PTSD-Disability Discrimination Claim Dismissed, Absent Evidence That Decisionmakers Knew of Plaintiff’s Condition

In Murray v. Cerebral Palsy Associations of New York et al, 16-cv-662, 2018 WL 264112 (S.D.N.Y. Jan. 2, 2018), the court, inter alia, dismissed plaintiff’s claim that he was discriminated against based on his post-traumatic stress disorder (PTSD), in violation of the Americans with Disabilities Act (ADA).[1]The court also dismissed plaintiff’s hostile work environment and retaliation claims. As to the former, the court observed that while “the Second Circuit has not decided whether a hostile work environment claim is cognizable under the ADA … [d]istrict courts within this Circuit … have recognized such claims, applying the same standard applicable to hostile work environment claims under Title VII [of the Civil Rights Act of 1964].”

The court explained:

Plaintiff’s argument that HR’s knowledge of his PTSD may be imputed to Defendants is unavailing. Under Second Circuit law, a plaintiff alleging discrimination on account of his protected status must offer evidence that a decision-maker was personally aware of his protected status to establish a prima facie case of discrimination. Woodman v. WWOR-TV, Inc., 411 F.3d 69, 87–88 (2d Cir. 2005) (“To defeat summary judgment, [plaintiff] was obliged to do more than produce evidence that someone at [the employer] knew her age. She was obliged to offer evidence indicating that persons who actually participated in her termination decision had such knowledge.”); Lambert v. McCann Erickson, 543 F. Supp. 2d 265, 278 n. 12 (S.D.N.Y. 2008) (“[A] plaintiff must offer evidence that a decision-maker was aware of her protected status to establish a prima facie case of discrimination.”). In order to avoid summary judgment, therefore, Plaintiff must do more than offer evidence that someone at HR knew he had PTSD before he was suspended and terminated. He must offer some evidence that either Ms. Miller or Ms. Pshena knew he had PTSD before they decided to suspend him, and that either Ms. Miller, Ms. Pshena, or Mr. Pancari knew he had PTSD before they decided to terminate him.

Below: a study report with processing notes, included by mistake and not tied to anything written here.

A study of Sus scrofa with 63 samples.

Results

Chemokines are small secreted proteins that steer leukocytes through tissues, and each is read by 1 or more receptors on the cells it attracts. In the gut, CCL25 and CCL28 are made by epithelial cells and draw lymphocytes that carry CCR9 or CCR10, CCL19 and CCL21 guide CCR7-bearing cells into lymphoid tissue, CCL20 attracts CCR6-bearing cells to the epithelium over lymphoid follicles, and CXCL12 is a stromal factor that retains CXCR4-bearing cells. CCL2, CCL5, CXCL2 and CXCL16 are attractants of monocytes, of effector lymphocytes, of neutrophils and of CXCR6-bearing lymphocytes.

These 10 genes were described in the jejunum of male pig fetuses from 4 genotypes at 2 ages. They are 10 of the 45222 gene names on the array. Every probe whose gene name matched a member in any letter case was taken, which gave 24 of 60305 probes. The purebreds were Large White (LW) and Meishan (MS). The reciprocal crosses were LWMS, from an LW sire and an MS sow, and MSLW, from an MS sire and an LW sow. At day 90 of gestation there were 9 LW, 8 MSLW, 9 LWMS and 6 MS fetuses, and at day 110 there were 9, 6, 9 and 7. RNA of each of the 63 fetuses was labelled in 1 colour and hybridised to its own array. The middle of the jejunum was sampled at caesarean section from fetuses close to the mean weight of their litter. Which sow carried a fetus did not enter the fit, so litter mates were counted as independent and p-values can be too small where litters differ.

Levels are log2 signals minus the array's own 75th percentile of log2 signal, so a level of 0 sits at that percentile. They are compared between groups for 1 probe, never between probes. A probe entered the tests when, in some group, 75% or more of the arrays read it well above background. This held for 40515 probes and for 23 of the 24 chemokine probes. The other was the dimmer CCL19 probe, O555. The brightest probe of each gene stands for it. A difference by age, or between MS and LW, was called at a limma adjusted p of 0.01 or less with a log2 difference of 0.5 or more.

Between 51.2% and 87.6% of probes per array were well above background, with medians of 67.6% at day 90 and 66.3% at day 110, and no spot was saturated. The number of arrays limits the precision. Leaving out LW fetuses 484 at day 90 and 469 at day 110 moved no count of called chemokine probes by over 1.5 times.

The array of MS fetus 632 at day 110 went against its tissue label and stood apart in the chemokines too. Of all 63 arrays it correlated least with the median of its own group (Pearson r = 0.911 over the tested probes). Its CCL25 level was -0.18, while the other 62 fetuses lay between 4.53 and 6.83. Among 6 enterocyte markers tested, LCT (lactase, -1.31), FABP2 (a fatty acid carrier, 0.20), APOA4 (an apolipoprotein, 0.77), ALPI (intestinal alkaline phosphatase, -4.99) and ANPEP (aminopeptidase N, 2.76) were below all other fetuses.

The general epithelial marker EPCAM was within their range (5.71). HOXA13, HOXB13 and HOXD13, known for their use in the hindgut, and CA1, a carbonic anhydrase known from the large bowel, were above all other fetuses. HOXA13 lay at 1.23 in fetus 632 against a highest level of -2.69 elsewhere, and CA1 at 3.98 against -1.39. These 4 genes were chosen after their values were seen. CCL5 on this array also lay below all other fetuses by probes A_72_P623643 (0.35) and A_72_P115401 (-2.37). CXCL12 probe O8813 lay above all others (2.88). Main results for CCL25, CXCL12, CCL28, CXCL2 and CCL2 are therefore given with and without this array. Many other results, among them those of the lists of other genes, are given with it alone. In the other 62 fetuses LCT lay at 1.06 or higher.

Plaintiff failed to offer such proof; thus the court granted defendants’ motion for summary judgment on plaintiff’s Americans with Disabilities Act claim.

1 The court also dismissed plaintiff’s hostile work environment and retaliation claims. As to the former, the court observed that while “the Second Circuit has not decided whether a hostile work environment claim is cognizable under the ADA … [d]istrict courts within this Circuit … have recognized such claims, applying the same standard applicable to hostile work environment claims under Title VII [of the Civil Rights Act of 1964].”